A few years back at Prairie Lights bookstore in Iowa City, I saw Rachel Yoder read from a work-in-progress. She gave the audience a summary that all we needed to know was that this mother of a toddler was turning into a dog. The piece she read was about an interaction with the cat, in which the mother was rough in pushing the cat out of the kitchen. The mother used to love the cat, before she had her son, until the cat took advantage of the mother’s generosity, and became a greedy burden. I recall the brutal honesty from the narration, the resentment for the cat, the agony, how it tormented her by existing. It was full of things people aren’t allowed to say, but certainly things that people feel. This story stuck with me through the years, as I am sure the entirety of Rachel Yoder’s novel “Nightbitch” will.
After an artist has her child, she gives up her career at a nonprofit art workshop to stay home with her son, while her husband is gone for work every weekday throughout most of the year. She’s stressed, overworked, unappreciated, and believes she is turning into a dog. Her canine teeth seem sharper, she has a cyst sprouting hair from her tailbone, and she has an insatiable craving for meat.
She fills the days taking her son to story time at the library, where she picks up “A Field Guide to Magical Women,” a research text of mythical ethnography by Wanda White, an author the mother can find no information about. She falls into the book in an attempt to figure out if her dog condition is a known one, but also to assure herself she’s not alone. The other mothers at story time have things under control, making the mother feel worse. They invite her to their entrepreneur events so she can sell herbs like they do and regain her financial independence.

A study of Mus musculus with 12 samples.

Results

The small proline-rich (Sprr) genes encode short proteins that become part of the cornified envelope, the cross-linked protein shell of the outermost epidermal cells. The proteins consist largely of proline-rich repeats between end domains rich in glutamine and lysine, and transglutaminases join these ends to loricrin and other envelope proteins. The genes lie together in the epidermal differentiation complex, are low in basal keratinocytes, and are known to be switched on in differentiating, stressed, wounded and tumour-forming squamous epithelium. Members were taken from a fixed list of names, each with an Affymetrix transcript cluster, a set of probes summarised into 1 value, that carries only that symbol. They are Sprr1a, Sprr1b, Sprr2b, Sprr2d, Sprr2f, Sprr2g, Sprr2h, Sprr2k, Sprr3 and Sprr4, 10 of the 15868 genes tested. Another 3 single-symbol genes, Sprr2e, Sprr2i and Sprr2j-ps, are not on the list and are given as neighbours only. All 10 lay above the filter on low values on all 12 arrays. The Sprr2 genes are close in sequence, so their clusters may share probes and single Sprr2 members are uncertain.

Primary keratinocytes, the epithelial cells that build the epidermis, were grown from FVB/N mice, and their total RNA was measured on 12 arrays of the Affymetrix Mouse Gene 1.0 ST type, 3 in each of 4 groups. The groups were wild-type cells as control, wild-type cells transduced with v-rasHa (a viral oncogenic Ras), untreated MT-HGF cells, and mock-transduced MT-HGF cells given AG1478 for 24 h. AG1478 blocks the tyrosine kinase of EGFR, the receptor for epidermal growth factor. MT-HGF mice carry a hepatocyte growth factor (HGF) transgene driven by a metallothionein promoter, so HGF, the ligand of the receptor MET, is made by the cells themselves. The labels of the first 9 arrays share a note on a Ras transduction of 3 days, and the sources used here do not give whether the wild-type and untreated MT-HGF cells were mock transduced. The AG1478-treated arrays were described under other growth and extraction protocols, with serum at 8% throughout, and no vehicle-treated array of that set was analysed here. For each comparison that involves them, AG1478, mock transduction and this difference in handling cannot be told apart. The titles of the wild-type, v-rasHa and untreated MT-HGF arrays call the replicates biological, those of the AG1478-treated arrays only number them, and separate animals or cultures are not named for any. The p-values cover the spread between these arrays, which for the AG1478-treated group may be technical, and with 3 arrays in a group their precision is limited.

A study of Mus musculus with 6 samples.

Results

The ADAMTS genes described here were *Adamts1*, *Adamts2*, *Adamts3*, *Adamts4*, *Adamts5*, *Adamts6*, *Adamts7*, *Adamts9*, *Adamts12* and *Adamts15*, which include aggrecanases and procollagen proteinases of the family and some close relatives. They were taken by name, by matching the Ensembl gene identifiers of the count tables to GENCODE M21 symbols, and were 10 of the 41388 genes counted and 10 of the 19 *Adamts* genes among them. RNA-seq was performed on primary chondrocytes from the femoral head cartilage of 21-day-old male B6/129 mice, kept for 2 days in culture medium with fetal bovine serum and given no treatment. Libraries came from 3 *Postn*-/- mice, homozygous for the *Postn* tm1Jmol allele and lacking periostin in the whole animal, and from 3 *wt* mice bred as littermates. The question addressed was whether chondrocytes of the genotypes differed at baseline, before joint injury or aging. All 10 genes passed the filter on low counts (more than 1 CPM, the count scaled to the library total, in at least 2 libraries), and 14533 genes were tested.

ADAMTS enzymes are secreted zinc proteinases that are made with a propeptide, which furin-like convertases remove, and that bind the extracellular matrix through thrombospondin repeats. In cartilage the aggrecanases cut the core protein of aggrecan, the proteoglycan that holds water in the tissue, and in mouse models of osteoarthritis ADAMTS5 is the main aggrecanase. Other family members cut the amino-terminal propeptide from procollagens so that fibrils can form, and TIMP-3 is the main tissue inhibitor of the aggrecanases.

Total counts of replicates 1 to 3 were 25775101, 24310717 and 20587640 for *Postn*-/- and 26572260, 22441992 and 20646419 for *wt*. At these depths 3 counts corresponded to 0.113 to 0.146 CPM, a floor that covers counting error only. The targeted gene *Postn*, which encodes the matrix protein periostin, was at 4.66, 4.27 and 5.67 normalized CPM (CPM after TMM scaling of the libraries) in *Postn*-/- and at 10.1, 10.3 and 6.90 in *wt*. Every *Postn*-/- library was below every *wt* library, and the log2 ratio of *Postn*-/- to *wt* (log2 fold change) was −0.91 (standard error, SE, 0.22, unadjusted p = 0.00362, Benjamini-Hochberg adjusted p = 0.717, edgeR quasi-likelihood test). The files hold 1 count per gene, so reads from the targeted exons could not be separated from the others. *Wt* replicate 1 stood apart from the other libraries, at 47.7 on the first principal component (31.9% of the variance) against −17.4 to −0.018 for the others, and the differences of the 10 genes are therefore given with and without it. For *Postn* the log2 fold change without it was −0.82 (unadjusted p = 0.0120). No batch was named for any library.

This is a book about the loneliness of domesticity and the internal cost of upward comparisons, but with much humor in the dejection. It is as though Leonora Carrington wrote Betty Friedan’s “The Feminine Mystique,” yet truly original. The prose effectively draws the reader into the minutia that is the mother’s life. But more than that, Yoder creates a mythos around the mother that is intimate and admitting. There is the pain of rituals like putting her son to bed. There’s the urge to create something again, to make art. She doesn’t want to regret spending every minute with her child, she doesn’t want to get involved in a multilevel marketing scheme, she just wants to find out if other women also turn into dogs.
Yoder strips away the romanticism of a monster narrative with “Nightbitch.” There are no sexy vampires or a castaway modern Prometheus. There is only the stark reality of a woman trying to regain her sense of self.
By Rachel Yoder
Doubleday, 256 pages
Joshua Bohnsack is the assistant managing editor for TriQuarterly and founding editor for Long Day Press. He is the author of the story collection “Shift Drink” and his work has appeared in The Rumpus, Hobart, SAND, and others. He lives in Chicago where he works as a bookseller.